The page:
Bid Now on Donald James Waters OAM, military-themed artwork series 'Let We Forget'

18 Sep 2023

Join us for your chance to own a piece of military-themed artwork, set to go under the hammer at the annual RBWH Foundation Military Dinner, Friday 6 October.

The 12 prints by contemporary Australian artist Donald James Waters (pictured below, right) were donated by Royal Brisbane and Women's Hospital (RBWH) cancer patient Mick Ward (pictured below, left) in gratitude for the life-extending treatment he has received over the past fifteen years. 

“South Australian doctors gave me 12-16 weeks to live in 2007 so I moved up to be with my son in Brisbane, but RBWH doctors had other ideas,” said Mick Ward.

 “I’m still alive and going to last another ten years, I tell you.”

The Military dinner celebrates the power of collaboration between Royal Brisbane and Women's Hospital (RBWH) and Australian Defence Force (ADF) and is open to anyone with an interest in military health and medical research.

“For more than 150 years, RBWH and ADF have worked together to achieve life-saving research and patient care which translates from hospital to the battlefield,” said the RBWH Foundation CEO Simone Garske.

“Their knowledge-sharing has an extraordinary impact on the lives of servicemen and women, now and into the future.”

Military artwork donor Mick Ward
Contemporary artist Donald Waters

A highlight of the evening will be the artwork auction. The original oil paintings by Donald James Waters were commissioned in 1993 for a Legacy Brisbane calendar.

The Jacobs Well artist said he believed the paintings and a large number of prints were lost in a storage fire.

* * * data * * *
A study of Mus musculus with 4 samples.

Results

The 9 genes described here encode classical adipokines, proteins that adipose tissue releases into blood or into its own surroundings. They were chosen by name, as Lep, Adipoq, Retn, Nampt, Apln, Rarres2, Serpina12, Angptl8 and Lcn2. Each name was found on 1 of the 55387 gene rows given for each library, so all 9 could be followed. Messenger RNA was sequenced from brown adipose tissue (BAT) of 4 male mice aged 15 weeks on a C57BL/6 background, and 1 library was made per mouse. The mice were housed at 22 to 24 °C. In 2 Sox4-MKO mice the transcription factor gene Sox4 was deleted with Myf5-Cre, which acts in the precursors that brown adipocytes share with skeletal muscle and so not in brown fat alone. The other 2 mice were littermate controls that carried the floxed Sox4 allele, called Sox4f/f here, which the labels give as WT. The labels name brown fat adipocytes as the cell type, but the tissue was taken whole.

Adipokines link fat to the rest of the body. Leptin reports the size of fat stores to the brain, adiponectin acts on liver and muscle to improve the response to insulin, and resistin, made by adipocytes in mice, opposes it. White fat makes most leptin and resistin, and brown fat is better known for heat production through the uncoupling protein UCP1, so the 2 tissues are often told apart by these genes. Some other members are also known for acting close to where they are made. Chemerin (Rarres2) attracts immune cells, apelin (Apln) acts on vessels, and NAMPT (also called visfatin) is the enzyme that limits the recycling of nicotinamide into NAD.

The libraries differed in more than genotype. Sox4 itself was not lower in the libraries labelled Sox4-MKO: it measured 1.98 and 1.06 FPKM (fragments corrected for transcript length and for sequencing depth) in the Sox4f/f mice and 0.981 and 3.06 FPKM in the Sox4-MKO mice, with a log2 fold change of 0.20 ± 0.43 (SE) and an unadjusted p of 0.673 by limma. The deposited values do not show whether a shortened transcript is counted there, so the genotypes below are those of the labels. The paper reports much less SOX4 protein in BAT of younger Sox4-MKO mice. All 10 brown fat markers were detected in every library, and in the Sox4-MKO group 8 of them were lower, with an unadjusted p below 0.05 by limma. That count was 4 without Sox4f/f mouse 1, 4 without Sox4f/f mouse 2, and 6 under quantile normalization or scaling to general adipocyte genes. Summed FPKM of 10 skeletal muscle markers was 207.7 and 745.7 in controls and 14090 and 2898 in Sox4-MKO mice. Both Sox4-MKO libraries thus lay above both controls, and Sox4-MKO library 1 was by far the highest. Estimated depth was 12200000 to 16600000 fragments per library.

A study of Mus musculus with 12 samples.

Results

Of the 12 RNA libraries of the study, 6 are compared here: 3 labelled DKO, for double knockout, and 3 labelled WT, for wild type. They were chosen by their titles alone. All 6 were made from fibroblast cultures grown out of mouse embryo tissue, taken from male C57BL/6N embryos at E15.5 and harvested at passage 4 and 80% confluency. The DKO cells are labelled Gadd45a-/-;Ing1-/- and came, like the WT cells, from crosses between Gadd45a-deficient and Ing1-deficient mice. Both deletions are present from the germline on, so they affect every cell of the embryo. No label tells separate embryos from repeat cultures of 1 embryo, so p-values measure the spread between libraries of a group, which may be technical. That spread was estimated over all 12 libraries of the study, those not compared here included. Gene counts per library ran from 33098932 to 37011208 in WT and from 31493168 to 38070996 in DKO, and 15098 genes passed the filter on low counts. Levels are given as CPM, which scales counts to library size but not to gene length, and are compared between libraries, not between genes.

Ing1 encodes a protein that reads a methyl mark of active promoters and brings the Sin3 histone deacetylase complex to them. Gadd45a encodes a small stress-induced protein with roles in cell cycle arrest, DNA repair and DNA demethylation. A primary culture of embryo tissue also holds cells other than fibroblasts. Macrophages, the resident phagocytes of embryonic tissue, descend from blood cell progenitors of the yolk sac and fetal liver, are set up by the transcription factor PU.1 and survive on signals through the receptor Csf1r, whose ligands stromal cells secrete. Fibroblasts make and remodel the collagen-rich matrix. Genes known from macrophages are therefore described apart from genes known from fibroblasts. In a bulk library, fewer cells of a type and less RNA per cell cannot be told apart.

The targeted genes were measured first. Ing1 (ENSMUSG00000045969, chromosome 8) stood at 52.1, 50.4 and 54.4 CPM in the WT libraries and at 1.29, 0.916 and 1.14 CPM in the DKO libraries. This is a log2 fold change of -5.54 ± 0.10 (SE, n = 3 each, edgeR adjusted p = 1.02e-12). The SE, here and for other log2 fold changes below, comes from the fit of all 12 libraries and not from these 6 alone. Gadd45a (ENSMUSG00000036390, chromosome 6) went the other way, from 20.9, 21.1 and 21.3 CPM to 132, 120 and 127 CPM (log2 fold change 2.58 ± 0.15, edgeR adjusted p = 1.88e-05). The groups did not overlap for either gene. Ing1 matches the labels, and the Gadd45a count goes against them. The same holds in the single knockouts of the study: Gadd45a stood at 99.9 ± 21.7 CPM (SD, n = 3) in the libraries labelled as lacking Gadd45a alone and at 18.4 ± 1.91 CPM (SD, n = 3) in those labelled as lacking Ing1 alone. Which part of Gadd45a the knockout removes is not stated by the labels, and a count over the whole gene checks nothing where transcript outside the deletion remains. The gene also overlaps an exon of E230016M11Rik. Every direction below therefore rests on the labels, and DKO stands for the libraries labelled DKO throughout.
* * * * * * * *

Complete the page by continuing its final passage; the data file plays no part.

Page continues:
“To see this set coming out now and being put up for auction was de ja vu, I was stepping back 30 years,” said Mr Waters.

“I don’t want accolades, I am just happy to see the money going to helping great causes.”  

The online auction is now open and it is hoped the series could remain intact, given the interest in their discovery.

RBWH cancer patient Mick Ward donated the prints to the Foundation in gratitude for treatment that has extended his life expectancy. Mick was gifted the prints almost 15 years ago.

Ms Garske said it was fitting that artwork created to raise awareness of Australia’s military past and to raise funds for military families, was again supporting a cause with close ties to ADF.

“Everyone loves a great mystery and this rates highly,” said Ms Garske.

“These artworks were created with passion to commemorate our military history, and will once again raise funds, this time to advance patient care and life-saving research, such as RBWH research with military applications.”